Why Marketonomy?

by Chris Kenton on February 15, 2005

Main Entry: -nomy
Etymology: Middle English -nomie, from Old French, from Latin -nomia, from Greek, from nomos
: system of laws governing or sum of knowledge regarding a (specified) field <agronomy>

We live in the age of information. We call ourselves knowledge workers no less. And yet we are surprisingly ignorant. Then again, maybe it’s not so surprising. We’ve been swept away in such a flood of information that we no longer have any grounding in principles. Intelligence now means "new information", or "insider information", but it rarely means "good information". What, after all, is "good information"? How can you tell?

The answer today is that you bob on the surface of the flood: when enough of a current is moving in one direction, you go in that direction too. In our society, the earlier you point in the "right direction", the smarter you are. So, "good information" is news that gives you a jump on moving where everyone else is bound to go. The trouble is, the current on the surface often moves in one direction while the tide is moving in another. If you don’t know how to read the deeper water, if you don’t have the tools and the skills to move against the current, you’re bound to wind up lost. Nowhere have I seen those tools and skills more lacking than in my own profession.

I won’t mince words. I think the state of the marketing profession today is pathetic. In what should be one of the most exciting ages of a century-long evolution of marketing as a discipline, the profession is struggling for crediblity. While technologies like databases, networks and the internet have revolutionized marketing channels, too many marketers still seem awed and perplexed. While business operations and finance have focused on quality and process improvements for decades, marketers treat accountability initiatives as some new affront to creative freedom. Instead of trying to understand what’s shaping the business environment, marketers adopt the language of the latest trend, like Marketing ROI, while simultaneously disparaging those who demand accountability for failing to "get" what marketing is really about.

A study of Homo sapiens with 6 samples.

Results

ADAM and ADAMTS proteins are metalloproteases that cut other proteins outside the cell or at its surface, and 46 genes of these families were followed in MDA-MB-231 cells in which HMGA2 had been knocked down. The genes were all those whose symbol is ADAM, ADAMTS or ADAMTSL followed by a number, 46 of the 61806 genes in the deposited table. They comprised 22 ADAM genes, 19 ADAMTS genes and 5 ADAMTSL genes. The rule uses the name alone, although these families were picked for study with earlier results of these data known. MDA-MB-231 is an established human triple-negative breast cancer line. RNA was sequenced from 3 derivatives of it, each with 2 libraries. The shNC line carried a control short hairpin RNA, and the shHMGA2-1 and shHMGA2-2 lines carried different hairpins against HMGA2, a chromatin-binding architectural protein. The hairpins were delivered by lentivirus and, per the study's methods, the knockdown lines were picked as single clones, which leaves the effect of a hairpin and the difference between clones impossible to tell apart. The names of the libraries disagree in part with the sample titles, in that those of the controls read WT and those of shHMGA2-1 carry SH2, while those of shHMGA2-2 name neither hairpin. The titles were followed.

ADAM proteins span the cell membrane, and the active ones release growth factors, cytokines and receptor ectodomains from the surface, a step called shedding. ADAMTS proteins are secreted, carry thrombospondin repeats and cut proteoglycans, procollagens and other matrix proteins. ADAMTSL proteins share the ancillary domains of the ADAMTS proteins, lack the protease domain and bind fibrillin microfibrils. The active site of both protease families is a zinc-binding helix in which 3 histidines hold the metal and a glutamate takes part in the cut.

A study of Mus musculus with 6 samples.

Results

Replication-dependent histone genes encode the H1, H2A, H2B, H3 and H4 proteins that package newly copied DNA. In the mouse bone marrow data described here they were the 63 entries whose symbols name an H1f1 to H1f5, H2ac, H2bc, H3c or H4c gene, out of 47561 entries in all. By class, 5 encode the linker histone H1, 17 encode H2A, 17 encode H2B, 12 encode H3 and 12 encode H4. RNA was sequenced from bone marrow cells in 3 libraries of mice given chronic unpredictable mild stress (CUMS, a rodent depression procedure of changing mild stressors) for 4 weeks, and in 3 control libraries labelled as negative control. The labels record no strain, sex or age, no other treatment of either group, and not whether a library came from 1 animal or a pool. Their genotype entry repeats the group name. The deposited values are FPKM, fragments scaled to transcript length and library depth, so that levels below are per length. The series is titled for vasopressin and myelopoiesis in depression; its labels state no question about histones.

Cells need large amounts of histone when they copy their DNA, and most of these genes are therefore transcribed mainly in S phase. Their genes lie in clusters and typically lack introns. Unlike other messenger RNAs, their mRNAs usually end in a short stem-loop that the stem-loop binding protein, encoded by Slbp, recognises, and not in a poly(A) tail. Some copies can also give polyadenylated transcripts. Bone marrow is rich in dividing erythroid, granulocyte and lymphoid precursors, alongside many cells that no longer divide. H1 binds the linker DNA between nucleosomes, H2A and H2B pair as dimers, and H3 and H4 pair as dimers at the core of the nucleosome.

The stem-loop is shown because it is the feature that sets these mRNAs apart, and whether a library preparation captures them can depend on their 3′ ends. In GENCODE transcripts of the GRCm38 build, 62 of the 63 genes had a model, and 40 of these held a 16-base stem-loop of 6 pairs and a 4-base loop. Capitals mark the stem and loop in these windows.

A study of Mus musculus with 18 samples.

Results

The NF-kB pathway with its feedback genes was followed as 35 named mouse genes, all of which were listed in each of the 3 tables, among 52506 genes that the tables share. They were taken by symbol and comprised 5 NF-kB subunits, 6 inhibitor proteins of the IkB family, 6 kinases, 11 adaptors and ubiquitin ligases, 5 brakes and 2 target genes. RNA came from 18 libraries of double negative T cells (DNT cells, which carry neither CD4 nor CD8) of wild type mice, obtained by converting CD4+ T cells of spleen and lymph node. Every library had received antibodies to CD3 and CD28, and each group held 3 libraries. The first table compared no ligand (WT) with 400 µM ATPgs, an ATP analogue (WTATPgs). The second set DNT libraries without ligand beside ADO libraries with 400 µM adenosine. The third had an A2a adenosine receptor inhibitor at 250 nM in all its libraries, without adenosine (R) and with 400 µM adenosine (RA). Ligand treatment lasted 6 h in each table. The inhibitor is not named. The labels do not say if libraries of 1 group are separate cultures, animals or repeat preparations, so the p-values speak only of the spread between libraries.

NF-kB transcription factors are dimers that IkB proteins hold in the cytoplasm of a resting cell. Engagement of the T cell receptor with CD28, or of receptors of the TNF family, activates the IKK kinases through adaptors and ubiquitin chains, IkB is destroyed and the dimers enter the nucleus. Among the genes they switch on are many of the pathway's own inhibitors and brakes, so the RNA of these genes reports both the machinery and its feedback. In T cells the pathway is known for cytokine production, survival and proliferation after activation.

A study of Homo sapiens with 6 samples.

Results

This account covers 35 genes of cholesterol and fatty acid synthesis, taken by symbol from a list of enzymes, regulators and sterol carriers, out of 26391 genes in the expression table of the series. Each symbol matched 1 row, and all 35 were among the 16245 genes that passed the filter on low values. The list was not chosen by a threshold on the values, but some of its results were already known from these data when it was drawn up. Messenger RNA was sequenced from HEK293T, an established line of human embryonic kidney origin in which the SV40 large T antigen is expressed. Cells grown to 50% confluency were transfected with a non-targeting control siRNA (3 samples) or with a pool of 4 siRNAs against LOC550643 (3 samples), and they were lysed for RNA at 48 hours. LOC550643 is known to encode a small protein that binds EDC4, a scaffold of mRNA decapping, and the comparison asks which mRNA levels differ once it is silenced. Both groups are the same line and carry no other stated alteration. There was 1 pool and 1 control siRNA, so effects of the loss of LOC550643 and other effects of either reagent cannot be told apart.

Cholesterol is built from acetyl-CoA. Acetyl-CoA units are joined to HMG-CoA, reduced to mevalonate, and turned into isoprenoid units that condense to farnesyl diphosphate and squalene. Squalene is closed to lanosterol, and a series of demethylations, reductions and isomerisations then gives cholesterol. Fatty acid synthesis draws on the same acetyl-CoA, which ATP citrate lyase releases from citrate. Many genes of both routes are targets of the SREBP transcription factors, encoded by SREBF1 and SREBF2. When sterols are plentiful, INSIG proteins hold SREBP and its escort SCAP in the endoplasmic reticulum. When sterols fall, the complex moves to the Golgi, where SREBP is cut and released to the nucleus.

Marketing needs new direction. If there’s any way I can contribute, it’s by sparking a dialog for rediscovering and reinventing the fundamentals. That is absurdly ambitious, especially in a world that’s already overflowing with gurus. So instead of trying to be another guru–always angling to have a unique and authoritative spin on the latest trend–my goal is only to explore the relevance of marketing as thoroughly, as publicly and as honestly as possible. What is marketing’s real contribution to the value of a business? How can it be measured and improved? What skills and what tools do marketers need to be effective in today’s business environment? How should marketing be judged as a profession? How should it be scrutinized? In short, how can the practice of marketing be elevated to produce the value to both businesses and customers that is its responsibility to provide?

That is the absurd ambition of Marketonomy: to dig through the mud and find the solid foundations of this profession. Like any blog, it’ll be a running dialog and commentary, sometimes boring and pedantic but hopefully, more often, brilliant. That will depend on the quality of conversation and debate, so please don’t hesitate to add your own ideas and your own voice.

In the next few days, you’ll find some broken links and unfinished pages if you poke around. I’m just getting ramped up, so please excuse the dust.

{ 1 comment… read it below or add one }

raul lilloy July 4, 2006 at 8:17 am

From epistemological point of view, is very difficult to ask, what is the marketing, and probably is possible to say that marketing is interdisciplinary land, sometimes is one branch of sociology, or political sciences, or economy, sicology, or is only the empirical desire to sell converted in systematic practices and subsequents theories.
When Marx write “das kapital”, marketing was in his prehistory.
The main point about marketing is its empirical existence, marketing is truth when working and is not truth when dont. The same idea that modern political science, that is truth not when you get (st. thomas) the common wealth but when you get, double or keep the power.
Some time the gurus like Ries, Kaplan or Kotler is their “carnal” proximity with the real buzz, not with the university or theories.
The metaphysic object of marketing is the desire or wish hide in the market; it is not physical object, neither is information, but is a deeper concept.